Noah Smith has a post today arguing that belief in skill is socially beneficial. For any given entrepreneurial venture, its success or failure will be the result of luck, skill, or a combination of the two. Smith argues that individuals who believe in the primacy of skill will be more likely to undertake the kinds of risks and uncertainty necessary to pursue new ventures and generate progress.

If you believe in skill, you’re more likely to be an entrepreneur, because you’ll be more convinced that you can beat the market. Which is to say, a person who believes she is more skilled than the average will only bet on that belief if she thinks skill matters. If you think entrepreneurial success is mostly just down to luck, then what you should do (as Thiel points out) is to diversify your portfolio and manage your risk. Go get a nice stable high-income job and put your savings into index funds. I.e., don’t be an entrepreneur at all.

As a counter-theory, one could argue that belief in skill is not necessary, that many entrepreneurs might enjoy the gamble and the challenge even if they did think their success or failure was primarily driven by luck. Both of these theories seem at least somewhat plausible.

If we assume that Smith is correct — belief in skill over luck does spur more innovation — that does not end the debate about the usefulness of such a belief. There are other side-effects to belief in skill that must be considered. For instance, perspectives on proper income distribution seem to correlate with perspectives on the meritocratic nature of economic success.

A 2011 Pew poll found that 58% of Republicans believed that the rich are wealthy mainly because of their own hard work, with only 32% attributing wealth to luck-based factors. Those numbers were exactly reversed for Democrats: 58% attributed wealth to luck-based factors and just 32% attributed it to hard work. Not surprisingly, Democrats and Republicans sharply split on whether economic inequality is a problem or an acceptable part of the system.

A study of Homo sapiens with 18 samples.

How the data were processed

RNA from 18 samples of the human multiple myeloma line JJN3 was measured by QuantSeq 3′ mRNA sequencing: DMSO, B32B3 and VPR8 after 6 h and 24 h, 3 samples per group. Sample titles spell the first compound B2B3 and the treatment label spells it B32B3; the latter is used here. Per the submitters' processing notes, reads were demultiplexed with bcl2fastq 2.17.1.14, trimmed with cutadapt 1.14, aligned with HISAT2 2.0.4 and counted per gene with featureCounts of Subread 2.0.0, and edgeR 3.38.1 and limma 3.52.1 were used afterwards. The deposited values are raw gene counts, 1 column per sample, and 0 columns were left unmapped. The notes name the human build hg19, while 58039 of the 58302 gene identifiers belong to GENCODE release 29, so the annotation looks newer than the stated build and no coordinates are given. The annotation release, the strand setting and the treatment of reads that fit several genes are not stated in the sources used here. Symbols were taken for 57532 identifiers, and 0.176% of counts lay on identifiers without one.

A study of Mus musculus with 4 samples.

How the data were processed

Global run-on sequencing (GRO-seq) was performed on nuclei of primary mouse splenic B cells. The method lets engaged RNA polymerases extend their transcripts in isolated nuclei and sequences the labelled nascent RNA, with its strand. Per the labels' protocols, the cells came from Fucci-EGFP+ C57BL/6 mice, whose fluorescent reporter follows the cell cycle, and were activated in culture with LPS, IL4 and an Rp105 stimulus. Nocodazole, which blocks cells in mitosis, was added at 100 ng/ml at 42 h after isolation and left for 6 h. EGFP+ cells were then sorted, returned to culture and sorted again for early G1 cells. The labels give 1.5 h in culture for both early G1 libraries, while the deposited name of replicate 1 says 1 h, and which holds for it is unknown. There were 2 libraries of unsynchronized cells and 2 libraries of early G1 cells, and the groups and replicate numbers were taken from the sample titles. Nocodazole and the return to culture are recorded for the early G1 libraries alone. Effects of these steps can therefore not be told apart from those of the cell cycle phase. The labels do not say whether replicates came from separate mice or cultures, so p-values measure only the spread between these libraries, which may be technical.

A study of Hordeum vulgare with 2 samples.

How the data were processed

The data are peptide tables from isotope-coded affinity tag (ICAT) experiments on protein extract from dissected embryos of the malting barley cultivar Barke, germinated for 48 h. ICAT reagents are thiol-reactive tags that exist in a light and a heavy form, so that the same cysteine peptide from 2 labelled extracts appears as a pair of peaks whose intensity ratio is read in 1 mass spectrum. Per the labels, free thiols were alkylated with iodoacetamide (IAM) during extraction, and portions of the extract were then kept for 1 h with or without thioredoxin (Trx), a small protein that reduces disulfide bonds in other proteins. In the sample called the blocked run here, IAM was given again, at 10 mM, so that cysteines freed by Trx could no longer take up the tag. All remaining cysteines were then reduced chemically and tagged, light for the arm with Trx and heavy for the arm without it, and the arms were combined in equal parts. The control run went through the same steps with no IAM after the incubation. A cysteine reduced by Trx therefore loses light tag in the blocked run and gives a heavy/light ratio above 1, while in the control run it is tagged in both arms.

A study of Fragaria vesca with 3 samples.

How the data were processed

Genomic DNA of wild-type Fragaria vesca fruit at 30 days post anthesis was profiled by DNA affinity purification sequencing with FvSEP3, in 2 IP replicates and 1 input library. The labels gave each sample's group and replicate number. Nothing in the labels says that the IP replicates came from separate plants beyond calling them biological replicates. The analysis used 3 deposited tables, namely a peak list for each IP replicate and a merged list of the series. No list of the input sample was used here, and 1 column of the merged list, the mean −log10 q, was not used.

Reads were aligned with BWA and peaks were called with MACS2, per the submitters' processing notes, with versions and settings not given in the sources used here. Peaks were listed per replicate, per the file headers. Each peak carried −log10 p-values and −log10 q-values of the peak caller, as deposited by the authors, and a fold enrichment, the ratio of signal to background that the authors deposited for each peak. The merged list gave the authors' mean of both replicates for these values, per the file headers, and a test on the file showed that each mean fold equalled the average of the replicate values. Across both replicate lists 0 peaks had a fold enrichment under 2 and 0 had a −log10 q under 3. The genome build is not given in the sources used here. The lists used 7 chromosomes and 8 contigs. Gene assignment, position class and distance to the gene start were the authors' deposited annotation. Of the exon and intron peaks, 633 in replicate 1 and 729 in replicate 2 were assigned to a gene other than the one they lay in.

Like it or not, most Americans seem to have a broadly desert-based conception of economic justice. That is, they believe that economic distributions should be grounded in meritocratic success. This is what the emphasis on equal opportunity, hard work, and the American Dream is all about. Combining a desert theory of justice with the perspective that the success of the rich is primarily a feature of their skill (instead of luck) supports the conclusion that troubling levels of inequality are justified. After all, under this view, the rich have earned their spoils, and the poor have not.

So even if Smith is right in saying that a delusional belief in skill is better for innovation, the gains of that innovation have to be considered alongside the political consequences of such a delusion. Social mobility data tend to show that luck-based factors such as parental background have a great deal to do with individual economic success. Encouraging delusions to the contrary may make it more difficult to persuade others of the necessity of redistributive social programs. And that, I would argue, poses a much bigger problem for overall social welfare.